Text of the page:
Thursday, October 6, 2011


We arrived in Yogjakarta and walked from the train station to find a hotel room.  After being led around by a guy to all the hotels he would get commission from, we told him we would find it on our own and found Merpati hotel.  It was a pretty good hotel near the city centre and it had free wi-fi.  We spent the night walking around and the next morning we rented a motorbike and went to the Immigration office to see if we could get our visa’s extended.  It turned out we could but we needed to have a flight out booked before that could be done.  We said we were taking a boat out and not a plane, so they allowed us to write a letter stating we would be leaving on a boat on a specific date, and then we needed to purchase an official stamp downstairs and attach it to our letters.  Then we gave them our passports along with our letters and were told it would take 3 business days to process.  And since it was Friday, we would have to wait 5 days.  Since we had the motorbike we drove around and found a shopping mall.  We went in and browsed around for a few hours and hand lunch.  We noticed they had a cinema and they were playing Harry Potter 7 part 2 so I made Andrew promise he would take me to the movie in the evening.   We then drove around the town but since it was Ramadan a lot of places and tourist attractions were closed.  After we had dinner Andrew took me to the movies, and we paid $2 each, which is the cheapest movie I had been to since the Rainbow Cinemas in Mississauga in the ‘90’s.  Although the quality of the movie was good, the sound was inconsistent but I guess we couldn’t expect too much for $2.  These prices, however, confirm how overpriced Canadian theaters are.

The next day we were planning on visiting a couple of temples which were out of town, but when we got there they weren’t that impressive and we thought a overpriced.  I guess once you see Angkor Wat in Cambodia, it’s hard for other temples to keep your interest.  We started driving around some back roads and came across a cattle market.  We parked our motorbike and we were able to walk amongst the cows and the farmers.  There was also a smaller goat market next to it.  The locals thought it was really funny to have tourists at their market and kept asking us if we wanted to buy a cow.  We spent the rest of the day exploring the city and made arrangements to go to Borobudur the next day.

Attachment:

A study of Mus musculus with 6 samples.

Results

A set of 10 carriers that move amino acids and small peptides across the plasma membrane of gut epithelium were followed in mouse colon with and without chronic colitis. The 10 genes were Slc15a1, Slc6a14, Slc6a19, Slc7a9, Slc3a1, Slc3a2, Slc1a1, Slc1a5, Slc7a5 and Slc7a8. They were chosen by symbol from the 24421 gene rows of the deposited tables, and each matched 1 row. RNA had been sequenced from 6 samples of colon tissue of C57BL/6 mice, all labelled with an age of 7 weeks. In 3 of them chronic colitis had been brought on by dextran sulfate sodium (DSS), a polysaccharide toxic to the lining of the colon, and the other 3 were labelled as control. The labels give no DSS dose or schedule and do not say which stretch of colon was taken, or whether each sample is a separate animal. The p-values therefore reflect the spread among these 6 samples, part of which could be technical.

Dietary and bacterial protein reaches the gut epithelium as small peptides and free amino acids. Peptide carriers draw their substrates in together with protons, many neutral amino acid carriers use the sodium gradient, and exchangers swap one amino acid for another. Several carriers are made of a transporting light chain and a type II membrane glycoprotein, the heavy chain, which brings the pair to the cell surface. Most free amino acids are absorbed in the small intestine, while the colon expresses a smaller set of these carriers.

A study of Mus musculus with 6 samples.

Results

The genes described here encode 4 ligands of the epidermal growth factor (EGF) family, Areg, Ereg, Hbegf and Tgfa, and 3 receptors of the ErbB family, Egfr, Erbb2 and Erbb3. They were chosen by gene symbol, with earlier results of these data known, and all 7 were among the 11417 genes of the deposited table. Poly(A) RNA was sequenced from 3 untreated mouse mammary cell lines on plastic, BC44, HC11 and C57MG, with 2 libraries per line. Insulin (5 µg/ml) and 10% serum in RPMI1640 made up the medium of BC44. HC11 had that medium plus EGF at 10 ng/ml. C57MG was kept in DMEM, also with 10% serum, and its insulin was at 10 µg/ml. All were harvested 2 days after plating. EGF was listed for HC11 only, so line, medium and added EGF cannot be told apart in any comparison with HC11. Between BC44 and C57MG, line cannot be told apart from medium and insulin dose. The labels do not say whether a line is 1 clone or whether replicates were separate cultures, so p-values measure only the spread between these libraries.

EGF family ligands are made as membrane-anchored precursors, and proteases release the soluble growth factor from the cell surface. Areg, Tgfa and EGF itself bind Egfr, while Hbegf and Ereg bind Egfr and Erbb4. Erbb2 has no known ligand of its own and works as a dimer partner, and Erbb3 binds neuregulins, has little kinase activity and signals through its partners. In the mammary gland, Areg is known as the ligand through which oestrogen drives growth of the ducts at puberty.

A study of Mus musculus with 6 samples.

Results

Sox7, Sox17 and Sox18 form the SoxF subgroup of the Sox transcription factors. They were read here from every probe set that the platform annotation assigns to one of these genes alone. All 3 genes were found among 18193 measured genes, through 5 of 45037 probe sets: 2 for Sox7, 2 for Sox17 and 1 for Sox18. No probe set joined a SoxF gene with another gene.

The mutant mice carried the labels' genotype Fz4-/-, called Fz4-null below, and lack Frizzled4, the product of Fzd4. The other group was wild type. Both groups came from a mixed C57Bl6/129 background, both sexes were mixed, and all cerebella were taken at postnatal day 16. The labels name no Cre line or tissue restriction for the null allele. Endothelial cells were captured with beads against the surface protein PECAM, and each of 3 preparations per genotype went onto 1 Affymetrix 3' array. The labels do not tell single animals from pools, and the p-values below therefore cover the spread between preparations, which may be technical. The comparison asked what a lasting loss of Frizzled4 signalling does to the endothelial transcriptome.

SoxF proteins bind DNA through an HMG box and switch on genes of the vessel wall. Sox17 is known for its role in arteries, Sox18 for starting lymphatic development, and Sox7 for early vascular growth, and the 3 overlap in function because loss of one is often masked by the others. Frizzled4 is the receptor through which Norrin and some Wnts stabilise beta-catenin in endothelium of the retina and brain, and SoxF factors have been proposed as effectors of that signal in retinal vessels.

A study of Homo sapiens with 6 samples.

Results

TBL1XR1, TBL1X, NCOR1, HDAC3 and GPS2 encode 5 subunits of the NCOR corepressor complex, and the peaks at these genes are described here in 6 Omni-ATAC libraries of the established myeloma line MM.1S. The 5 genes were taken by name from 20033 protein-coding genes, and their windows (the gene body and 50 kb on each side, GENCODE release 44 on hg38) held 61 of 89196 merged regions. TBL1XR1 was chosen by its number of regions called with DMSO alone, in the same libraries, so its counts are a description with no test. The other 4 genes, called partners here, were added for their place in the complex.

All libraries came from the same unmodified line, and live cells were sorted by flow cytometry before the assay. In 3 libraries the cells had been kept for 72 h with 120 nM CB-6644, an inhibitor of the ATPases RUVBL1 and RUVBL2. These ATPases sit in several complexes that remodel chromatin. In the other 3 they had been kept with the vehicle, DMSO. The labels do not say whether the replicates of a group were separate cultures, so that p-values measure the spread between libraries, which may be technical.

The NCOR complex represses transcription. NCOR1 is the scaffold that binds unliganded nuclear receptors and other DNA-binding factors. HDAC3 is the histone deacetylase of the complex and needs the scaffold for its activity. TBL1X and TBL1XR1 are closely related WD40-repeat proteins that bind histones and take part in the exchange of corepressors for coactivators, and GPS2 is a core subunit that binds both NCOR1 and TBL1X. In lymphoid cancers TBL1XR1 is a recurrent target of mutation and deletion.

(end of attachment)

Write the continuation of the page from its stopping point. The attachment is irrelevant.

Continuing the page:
Borobudur is a small town about an hour from Yogjakarta that is supposed to have a beautiful temple there.  That is the main tourist attraction and really the only source of income for the town.  We arrived there and checked into Lotus 2, where instead of a room we had a small apartment to ourselves, with a stunning view of the rice paddies.  I was feeling really tired but I just thought it was due to lack of sleep.  We had some lunch, came back to our hotel room, watched a movie and then napped.  We walked a little around town, but I was still tired and was starting to develop a cough so we stopped in a store to buy some cough medicine.  By 6am the next morning I had a fever of 38 degrees Celsius.  We were supposed to go see the temple in the morning, but because of my fever there was no way I was going.  I just wanted to sleep.  I made Andrew go by himself, since I though at least one of us should see the temple, and when he came back he said it was a good idea that I didn’t go because there wasn’t that much to see.  Again, once you’ve been to Angkor Wat, it’s hard to be amazed by smaller temples.  My fever went down after taking some Panadol but it started creeping back up when it started wearing off.  I definitely didn’t want to stay in Borobudur while sick, because I didn’t know what was wrong with me, and I wanted to be close to a doctor just in case.  So we found a bus and went back to Yogja to our hotel. 

As soon as we were back, I went straight to sleep.  I was self medicating, and while the drugs were working the fever was down, but as soon as they started wearing off, the fever would spike back up.  In the evening it went the highest yet.  The next morning I wasn’t feeling better at all so I asked Andrew to find me a doctor.  He went to our reception, and they called a doctor who said he can do a home visit for $50US.  We thought that was way overpriced and said no.  So Andrew went to the hospital, but thought it wasn’t very clean so he found another clinic that was willing to see me right away.

He picked me up and took me to the clinic.  The doctor spoke English fairly well, but after she examined me she told me I have the common cold.  I was a little skeptical since I had no energy and I still had a fever, but she told me should prescribe an antibiotic.  We showed her the tamiflu we had from Canada and another antibiotic and asked if I can just take one of those.  But again she said I just had influenza so I didn’t need them.  I was confused because I thought tamiflu is used to treat the flu (influenza).  Then she changed her mind and said I could take the tamiflu for a few days, and if I wasn’t feeling better I could take the other antibiotic.  I was more confused than before and after we purchased the cough syrup she prescribed, I decided to take the tamiflu and take my chances.  It seemed to work because after I started taking it, the next day I felt better.  But we didn’t leave Yogjakarta until the following day because I was still weak and just wanted to stay in bed.  Luckily after 2 days of taking tamiflu I was feeling a lot better and we were able to take a train to Surabaya, from where we would catch a flight to Makassar, in Sulawesi.  We purchased tickets at the counter at the airport, but had to spend there as the flight was at 6am the next morning and we didn’t want to pay for a hotel room.  Needless to say we didn’t get much sleep but at least we didn’t miss our flight!